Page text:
Sunday, May 4, 2008

Larry (Installment 6)

The Service Station

I was so impressed with the service station. It was a place of wonder and excitement for me. That was the realm of my father and my older brothers. I longed for the opportunity to grow enough to work there with my father, brothers, and uncle.

That Wonderful Old Building

The building was a marvel to me. It was huge. There was no ceiling in the garage portion of the building. The roof was help up by trusses that had a curved top chord.

The Office

The office is where all of the planning and business would take place. The cash register, tires, fluids, candy and pop machines, the oil stove, v-belts, and school desks were the most prominent features visible in the office. The activities that went on in the office drew me to them with great anticipation and hope to not miss any detail.

Going to the garage was a treat (literally). A pop and a candy bar were the usual treat. Stocking the pop machine was the task that brought the reward of a pop and peanuts. The peanuts would promptly go into the pop. Oh yes, there were the days that I had to pull weeds instead of stocking the pop machine for my treat. Well on those days sometimes I would not get a treat. I was not very diligent in pulling weeds.

The old school desks that were in the back of the office acted as the congregation point for the regulars that would come to do business with Conejos County Gas and Oil. The desks were wooden chairs that had a writing surface attached that wrapped around the right side of the chair. Usually there were several farmers that would frequent the gas station to exchange stories and to have a break.

A steel safe sat behind the counter on the floor below the outside window. The tumbler and handle on the front were used to open the safe daily, as it was locked each night with the money and other valuables as closing time would roll around.

The real business took place behind the counter and cash register. The manually driven 9-key cash register did get a lot of use over the years. It is still in the family. Kent now has the old cash register. First the slides designating the type of transaction would need to be set, then the amount of the transaction would be punched in on the 9-key pad, and then to enter the transaction the lever on the right side of the register would be rotated to the front to enter the transaction onto the printed paper that fed out the top of the register.

The Shop

Out in the shop is where the real work was done. Tires were fixed. Chassis grease jobs were done. Oil and filters were changed. Engines were rebuilt. Metal was welded. Batteries were charged. The worst part of the garage was that the only heated place was inside the office. In the winter when the temperatures fell to below zero, the temperature inside the garage was also very cold.

There were some attempts over the years to put heating into the back of the garage. A portable heater that was fueled by kerosene and used a fan to push air through the combustion chamber was used to try and directly heat the area where work was being done.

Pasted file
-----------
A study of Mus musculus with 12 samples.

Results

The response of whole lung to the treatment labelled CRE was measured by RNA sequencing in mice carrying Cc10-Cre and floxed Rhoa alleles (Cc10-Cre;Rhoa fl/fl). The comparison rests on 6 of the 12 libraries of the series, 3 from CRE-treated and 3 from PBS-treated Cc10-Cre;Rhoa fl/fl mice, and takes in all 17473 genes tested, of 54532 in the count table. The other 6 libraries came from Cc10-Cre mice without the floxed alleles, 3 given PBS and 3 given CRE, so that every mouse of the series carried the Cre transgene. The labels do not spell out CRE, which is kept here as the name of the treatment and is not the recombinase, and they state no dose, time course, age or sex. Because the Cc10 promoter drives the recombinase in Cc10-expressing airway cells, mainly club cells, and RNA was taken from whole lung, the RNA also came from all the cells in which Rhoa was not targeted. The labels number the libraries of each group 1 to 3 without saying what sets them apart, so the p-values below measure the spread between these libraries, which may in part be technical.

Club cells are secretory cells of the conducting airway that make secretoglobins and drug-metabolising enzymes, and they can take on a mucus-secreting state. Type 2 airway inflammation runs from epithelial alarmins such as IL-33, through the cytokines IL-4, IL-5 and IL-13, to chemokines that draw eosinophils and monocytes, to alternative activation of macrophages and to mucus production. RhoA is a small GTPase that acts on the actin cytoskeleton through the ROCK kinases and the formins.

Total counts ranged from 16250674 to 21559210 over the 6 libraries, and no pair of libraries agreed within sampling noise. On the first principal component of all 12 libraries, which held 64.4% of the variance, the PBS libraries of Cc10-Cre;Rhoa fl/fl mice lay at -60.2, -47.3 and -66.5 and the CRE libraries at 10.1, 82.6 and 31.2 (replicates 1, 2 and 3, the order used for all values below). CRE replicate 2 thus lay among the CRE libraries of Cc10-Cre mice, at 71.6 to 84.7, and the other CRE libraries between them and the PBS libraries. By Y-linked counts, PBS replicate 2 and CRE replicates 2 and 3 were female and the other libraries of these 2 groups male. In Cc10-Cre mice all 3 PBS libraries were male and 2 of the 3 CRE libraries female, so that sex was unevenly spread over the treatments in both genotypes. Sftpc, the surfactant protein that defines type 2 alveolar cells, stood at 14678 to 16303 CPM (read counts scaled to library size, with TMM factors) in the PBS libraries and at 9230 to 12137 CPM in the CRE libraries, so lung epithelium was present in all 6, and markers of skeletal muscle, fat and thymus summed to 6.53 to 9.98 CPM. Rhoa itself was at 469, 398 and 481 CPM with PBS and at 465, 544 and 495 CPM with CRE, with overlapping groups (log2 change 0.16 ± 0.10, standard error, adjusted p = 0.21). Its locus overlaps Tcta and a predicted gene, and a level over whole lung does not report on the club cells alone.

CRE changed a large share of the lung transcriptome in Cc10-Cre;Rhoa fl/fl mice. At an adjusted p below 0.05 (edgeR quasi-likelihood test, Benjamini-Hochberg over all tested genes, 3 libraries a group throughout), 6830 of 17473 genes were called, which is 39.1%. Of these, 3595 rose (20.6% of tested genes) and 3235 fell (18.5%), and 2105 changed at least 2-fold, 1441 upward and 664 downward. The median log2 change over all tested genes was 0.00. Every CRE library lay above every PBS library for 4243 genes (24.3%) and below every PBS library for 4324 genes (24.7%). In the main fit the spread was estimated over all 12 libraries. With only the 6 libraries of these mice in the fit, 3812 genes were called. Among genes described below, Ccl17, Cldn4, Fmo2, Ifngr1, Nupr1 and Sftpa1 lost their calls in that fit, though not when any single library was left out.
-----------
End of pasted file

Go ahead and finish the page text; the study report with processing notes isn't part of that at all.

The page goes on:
The Fuel Tanks and The Gas Truck

A big part of the business that went on at the gas station was to make sure the farmers had fuel for working their fields. The five big silver tanks that were about 20 feet in diameter and 20 feet high were all connected to the pumping station with 2-inch diameter pipes. Dad used to drive the gas truck around the back of the garage to the fueling platform where he would fill the truck with the required fuel for the delivery to be made. Fuel deliveries were made to farms around the area for tractors and trucks. The gas truck had a pump of its own that ran on a small gasoline engine. The truck filled much quicker than it emptied. The delivery truck had 2 methods to empty it. It could also be emptied through gravity flow through a 2-inch diameter hose that could empty into an underground tank.

Above And Below

The ceiling in the garage was made with arch trusses and covered with a corrugated steel roof. The span of the garage was about 60 feet.


Gasoline and diesel fuel were delivered to the patrons of the garage through electric pumps that were connected to the underground tanks. The underground tanks were filled with fuel from the delivery truck. To determine how much fuel was in the ground tanks, a long dipstick would be lowered into the fill hole and extracted to read the scale where the wetted section ended.


  1. I loved the old gas station. Donnie worked there until he went on his mission. I was really jealous of his relationship with Dad.

    When I was 17, I finally got my turn. I met wonderful people and was given the opportunity to see a side of Dad that I didn't know existed. He could be demand and critical, but he also could be kind and tender.

    The thing I remember most was the tire changing tool. I've never seen one like it since. It wasn't powered by anything but muscles. I got to where I could fix a tire pretty quickly.

    I think the customer I remember the best was Leonard Neilson, but that's a topic for another time.

  2. I worked with Arlo in the office of the station after you boys were gone. Those were really good times. I pumped gas and did the office things. Arlo and I worked together and enjoyed each other more than at any time before that. We became better
    friends there.

  3. I would like to sometime put more of my memories about the old service station into print. Maybe next week.

  4. Do you remember the day that Uncle Harold was going to discipline you with a tire iron?